When Illinois Governor George Ryan embarked on a historic five-day visit to Cuba in October, fun and sun on the Caribbean island were the last things on his mind. His avowed mission was to push for an end to the United States' 40-year-old economic embargo and provide struggling Midwestern farmers with another export market.
"Until we came here and emphasized and pointed out what [the embargo] was all about, I think people probably looked at the newspaper and said Who cares?' Now that they have a better understanding of it, I think they have some different thought on this," Ryan said at a press conference in Havana.
While the nation's governors have always worked to promote their states' economic interests abroad, the growing importance of global markets has led governors to embark on ever-bolder and more far-flung trade missions. And though some of the trips have been resounding successes, the efforts are not without controversy.
Ryan, castigated by the Cuban-American community for the trip, responded that "Miami is not my concern. I don't represent Miami, I represent Illinois."
California Gov. Gray Davis also encountered criticism when he undertook a two-week trade mission to Europe, Greece and the Middle East.
Among those with him on the trip was the head of a nursing home company with a history of state citations. The trip came less than a week after Davis vetoed legislation that would have cracked down on nursing homes by forcing them to hire more staff and doubling fines for offenses.
Davis also drew barbs for leaving "unfinished business" at home. Critics pointed out that he has filled only half of the 42 state department directorships and half of the state's 1,000 appointive jobs.
It was also pointed out that of California's nine foreign trade offices, only four have directors.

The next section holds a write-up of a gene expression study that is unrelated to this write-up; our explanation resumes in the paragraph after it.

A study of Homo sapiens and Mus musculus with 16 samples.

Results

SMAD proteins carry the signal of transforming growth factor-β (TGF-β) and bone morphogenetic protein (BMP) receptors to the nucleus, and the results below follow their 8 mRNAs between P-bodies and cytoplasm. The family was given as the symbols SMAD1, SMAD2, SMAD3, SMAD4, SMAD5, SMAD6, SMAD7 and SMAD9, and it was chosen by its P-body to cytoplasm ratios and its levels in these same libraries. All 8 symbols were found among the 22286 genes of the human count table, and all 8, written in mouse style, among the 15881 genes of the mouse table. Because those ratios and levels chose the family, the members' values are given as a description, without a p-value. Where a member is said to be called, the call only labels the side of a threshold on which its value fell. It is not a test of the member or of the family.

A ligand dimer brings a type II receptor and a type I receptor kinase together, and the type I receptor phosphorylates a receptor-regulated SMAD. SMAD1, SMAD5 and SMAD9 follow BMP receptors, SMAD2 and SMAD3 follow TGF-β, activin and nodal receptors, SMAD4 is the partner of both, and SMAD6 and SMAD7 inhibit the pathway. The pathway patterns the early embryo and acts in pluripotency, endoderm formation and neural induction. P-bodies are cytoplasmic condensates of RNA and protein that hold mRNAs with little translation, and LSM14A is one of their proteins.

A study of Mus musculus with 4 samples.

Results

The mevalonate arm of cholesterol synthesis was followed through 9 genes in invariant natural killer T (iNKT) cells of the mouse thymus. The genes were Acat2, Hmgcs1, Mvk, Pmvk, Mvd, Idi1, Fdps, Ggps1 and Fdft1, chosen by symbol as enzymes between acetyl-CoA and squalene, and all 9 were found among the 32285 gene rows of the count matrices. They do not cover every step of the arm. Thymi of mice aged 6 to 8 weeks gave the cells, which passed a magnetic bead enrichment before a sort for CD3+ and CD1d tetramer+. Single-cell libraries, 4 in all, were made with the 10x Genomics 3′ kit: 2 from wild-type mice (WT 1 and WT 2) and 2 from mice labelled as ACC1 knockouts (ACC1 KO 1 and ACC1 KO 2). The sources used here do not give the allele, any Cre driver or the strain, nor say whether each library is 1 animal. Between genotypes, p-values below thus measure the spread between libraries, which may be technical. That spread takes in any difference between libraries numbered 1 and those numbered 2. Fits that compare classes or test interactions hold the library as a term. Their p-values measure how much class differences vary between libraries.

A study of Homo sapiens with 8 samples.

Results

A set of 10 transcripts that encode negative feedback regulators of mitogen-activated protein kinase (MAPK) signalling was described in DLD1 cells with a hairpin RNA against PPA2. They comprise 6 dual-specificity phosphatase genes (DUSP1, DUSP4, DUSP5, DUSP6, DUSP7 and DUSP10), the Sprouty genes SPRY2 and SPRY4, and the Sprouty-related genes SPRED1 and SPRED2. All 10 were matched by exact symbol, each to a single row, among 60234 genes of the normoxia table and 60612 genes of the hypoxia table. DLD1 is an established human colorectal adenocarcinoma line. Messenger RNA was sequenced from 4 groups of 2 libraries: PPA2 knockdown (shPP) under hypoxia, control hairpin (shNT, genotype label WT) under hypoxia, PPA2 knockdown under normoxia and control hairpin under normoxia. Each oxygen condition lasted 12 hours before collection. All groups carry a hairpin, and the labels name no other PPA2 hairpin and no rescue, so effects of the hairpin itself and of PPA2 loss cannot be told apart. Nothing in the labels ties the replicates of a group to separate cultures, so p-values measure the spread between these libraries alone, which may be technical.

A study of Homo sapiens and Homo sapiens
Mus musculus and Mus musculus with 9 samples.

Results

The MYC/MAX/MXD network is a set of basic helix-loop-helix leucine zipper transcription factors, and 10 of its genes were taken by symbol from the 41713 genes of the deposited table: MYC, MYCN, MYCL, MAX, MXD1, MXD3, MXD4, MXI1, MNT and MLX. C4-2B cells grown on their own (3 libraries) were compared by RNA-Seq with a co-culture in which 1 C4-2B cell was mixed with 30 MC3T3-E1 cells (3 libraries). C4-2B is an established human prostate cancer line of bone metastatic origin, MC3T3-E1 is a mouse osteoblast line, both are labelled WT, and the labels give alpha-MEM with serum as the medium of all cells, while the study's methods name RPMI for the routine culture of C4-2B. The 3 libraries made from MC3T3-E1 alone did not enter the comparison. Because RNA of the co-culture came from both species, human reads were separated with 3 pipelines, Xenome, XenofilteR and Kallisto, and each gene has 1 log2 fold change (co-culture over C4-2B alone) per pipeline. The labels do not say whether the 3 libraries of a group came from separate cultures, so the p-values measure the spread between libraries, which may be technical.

While the trip yielded only a single $7 million contract, it solidified Davis' political clout in his 10th month in office. Davis traveled to five countries, met with four heads of state and become the first California governor to meet with Palestinian leader Yasser Arafat.
At each stop, Davis reiterated his "foreign policy" with a simple line: "Diplomacy used to be about war and peace. Now it's about trade and commerce."
Many governors believe it's worthwhile to go aboard on goodwill missions. Florida's Jeb Bush is currently visiting the Middle East. In recent months, the governors of Hawaii, Alabama and Minnesota all made trips to Japan; the governors of Arizona and Idaho went to Mexico; the governor of Idaho is now on a two-week trade mission in Europe; the governors of Nebraska and Wisconsin led trade missions to China; and the governor of West Virginia traveled to Germany and Switzerland to establish a European trade office.
Some of these trips have produced tangible results. Minnesota Governor Jesse Ventura is moving ahead on the fourth part of his "Big Plan"-- "Minnesota: World Competitor." On the second day of a 10-day trip to Japan that ended last week, Ventura announced a major pork export agreement that would give a 25 percent boost in business to a group of 80 Minnesota family-farm pork producers.
Ventura has also accepted an invitation from Mexican officials to pursue a trade mission to that country as early as January.